Leaders from DWP, HMRC and the Parliamentary Digital Service among those honoured
A raft of public sector digital leaders have earned plaudits in the Queen’s latest Birthday Honours.
The annual list, which was billed by the government as the most diverse ever with 10% of those receiving awards drawn from a black and minority ethnic background, saw a number of names from the sector honoured for their work.
In the big departments, John Archbold, programme manager at HM Revenue and Customs Liverpool was made an Officer of the Order of the British Empire (OBE) for his services to digital innovation and the community in Merseyside.
Loraine Midda, head of member services in the House of Lords for the Parliamentary Digital Service, saw her service – as well as her charitable work for Haven House Children’s Hospice – recognised in the Birthday Honours. She was made an MBE.
In the wider sector, Polly Purvis, the chief executive of Scottish tech trade association Scotland IS was named as an OBE for her work in promoting the digital economy north of the border, while Dr Mark Mason, the former CEO of app consultancy Mubaloo, was also made an OBE.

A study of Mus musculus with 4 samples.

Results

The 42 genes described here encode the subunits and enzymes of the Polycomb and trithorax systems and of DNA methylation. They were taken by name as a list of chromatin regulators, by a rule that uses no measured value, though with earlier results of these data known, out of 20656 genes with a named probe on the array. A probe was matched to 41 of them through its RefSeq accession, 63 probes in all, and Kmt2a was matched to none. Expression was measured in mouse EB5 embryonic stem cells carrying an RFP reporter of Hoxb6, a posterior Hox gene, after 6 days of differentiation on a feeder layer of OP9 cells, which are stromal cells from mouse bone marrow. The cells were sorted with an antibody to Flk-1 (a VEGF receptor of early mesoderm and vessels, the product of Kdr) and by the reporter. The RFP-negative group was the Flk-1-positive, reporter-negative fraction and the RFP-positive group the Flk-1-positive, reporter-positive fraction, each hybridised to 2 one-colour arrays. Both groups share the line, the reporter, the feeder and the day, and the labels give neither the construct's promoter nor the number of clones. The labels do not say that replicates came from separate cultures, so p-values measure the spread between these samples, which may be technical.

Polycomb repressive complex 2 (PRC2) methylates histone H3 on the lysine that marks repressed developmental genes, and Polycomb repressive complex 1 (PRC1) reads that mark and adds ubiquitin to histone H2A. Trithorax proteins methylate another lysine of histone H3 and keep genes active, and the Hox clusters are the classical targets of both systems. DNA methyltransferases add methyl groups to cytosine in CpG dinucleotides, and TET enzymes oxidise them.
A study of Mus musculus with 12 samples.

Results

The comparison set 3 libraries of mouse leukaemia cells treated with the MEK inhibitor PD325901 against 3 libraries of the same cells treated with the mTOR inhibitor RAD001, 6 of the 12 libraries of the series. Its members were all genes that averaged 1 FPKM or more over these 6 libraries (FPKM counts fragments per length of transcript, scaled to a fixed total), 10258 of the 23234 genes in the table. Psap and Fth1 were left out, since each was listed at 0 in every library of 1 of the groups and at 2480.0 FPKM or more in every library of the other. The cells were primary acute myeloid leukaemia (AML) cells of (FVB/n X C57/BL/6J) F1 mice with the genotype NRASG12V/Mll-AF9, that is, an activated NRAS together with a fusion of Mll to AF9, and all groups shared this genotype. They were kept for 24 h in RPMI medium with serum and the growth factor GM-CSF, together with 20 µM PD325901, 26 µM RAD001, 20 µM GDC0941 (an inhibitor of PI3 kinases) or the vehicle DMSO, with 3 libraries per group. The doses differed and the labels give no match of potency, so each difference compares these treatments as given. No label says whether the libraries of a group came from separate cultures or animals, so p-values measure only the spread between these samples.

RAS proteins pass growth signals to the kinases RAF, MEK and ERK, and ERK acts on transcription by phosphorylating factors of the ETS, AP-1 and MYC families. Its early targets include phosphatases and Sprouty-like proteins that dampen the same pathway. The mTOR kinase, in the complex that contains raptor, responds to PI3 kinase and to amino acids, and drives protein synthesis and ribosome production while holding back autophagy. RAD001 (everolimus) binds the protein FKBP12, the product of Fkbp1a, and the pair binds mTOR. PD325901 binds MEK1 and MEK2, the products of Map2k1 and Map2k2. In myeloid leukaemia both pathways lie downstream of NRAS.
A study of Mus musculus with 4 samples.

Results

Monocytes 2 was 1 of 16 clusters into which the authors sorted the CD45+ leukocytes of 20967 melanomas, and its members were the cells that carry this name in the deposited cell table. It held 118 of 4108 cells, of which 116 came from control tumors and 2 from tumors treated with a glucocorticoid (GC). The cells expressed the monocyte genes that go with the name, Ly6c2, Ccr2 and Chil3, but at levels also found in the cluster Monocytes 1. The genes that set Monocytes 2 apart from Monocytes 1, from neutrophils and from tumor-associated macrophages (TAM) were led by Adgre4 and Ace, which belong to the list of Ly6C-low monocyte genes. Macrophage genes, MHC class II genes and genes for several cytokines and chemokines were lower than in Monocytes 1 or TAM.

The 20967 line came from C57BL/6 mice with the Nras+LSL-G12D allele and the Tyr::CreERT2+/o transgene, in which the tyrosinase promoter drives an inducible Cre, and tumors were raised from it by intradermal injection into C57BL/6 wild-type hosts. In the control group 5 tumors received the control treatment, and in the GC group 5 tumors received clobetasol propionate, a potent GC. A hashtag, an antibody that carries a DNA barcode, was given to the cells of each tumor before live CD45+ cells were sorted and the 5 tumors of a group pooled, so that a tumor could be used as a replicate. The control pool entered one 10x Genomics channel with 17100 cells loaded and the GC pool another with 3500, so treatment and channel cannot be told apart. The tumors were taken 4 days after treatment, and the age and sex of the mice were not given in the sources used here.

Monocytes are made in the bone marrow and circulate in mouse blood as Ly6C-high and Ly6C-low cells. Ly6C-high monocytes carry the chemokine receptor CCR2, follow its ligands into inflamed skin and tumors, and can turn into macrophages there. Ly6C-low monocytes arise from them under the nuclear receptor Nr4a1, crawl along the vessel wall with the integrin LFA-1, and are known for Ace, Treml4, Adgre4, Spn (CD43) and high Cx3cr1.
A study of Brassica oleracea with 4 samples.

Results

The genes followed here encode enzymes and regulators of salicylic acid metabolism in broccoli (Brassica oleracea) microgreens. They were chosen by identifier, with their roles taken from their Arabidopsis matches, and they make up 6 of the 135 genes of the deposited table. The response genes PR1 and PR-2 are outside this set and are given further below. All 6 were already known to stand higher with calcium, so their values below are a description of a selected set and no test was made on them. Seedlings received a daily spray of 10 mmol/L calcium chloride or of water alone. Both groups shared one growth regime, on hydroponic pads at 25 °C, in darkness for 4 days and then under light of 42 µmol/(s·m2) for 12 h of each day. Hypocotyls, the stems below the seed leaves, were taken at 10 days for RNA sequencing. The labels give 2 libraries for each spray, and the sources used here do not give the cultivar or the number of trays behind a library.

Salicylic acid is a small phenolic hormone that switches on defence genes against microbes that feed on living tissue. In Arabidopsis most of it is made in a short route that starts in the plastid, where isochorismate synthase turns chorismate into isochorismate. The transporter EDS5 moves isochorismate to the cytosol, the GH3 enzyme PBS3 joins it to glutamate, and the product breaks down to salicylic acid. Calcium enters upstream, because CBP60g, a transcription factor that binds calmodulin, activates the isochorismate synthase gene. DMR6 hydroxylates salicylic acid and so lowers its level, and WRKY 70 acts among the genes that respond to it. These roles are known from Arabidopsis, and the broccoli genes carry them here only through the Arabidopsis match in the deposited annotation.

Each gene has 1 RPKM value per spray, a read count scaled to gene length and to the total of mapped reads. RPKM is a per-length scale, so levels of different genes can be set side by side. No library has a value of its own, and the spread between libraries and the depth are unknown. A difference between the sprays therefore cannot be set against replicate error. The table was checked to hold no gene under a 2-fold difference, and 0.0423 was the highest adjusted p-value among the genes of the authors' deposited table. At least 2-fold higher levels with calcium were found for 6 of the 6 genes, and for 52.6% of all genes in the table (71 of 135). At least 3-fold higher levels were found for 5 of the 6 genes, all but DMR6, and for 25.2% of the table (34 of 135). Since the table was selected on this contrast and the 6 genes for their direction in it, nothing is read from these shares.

After criticism in the last parliament of the number of political supporters rewarded in the Birthday Honours, this year’s list sought to place a stronger emphasis on public service.
In a statement, the Cabinet Office said: “In total, 74 per cent of awards in the Birthday Honours List will go to people who have undertaken outstanding work in or for their local community, following the Prime Minister’s strategic steer that she would like more honours to go to people really contributing to society and their communities.”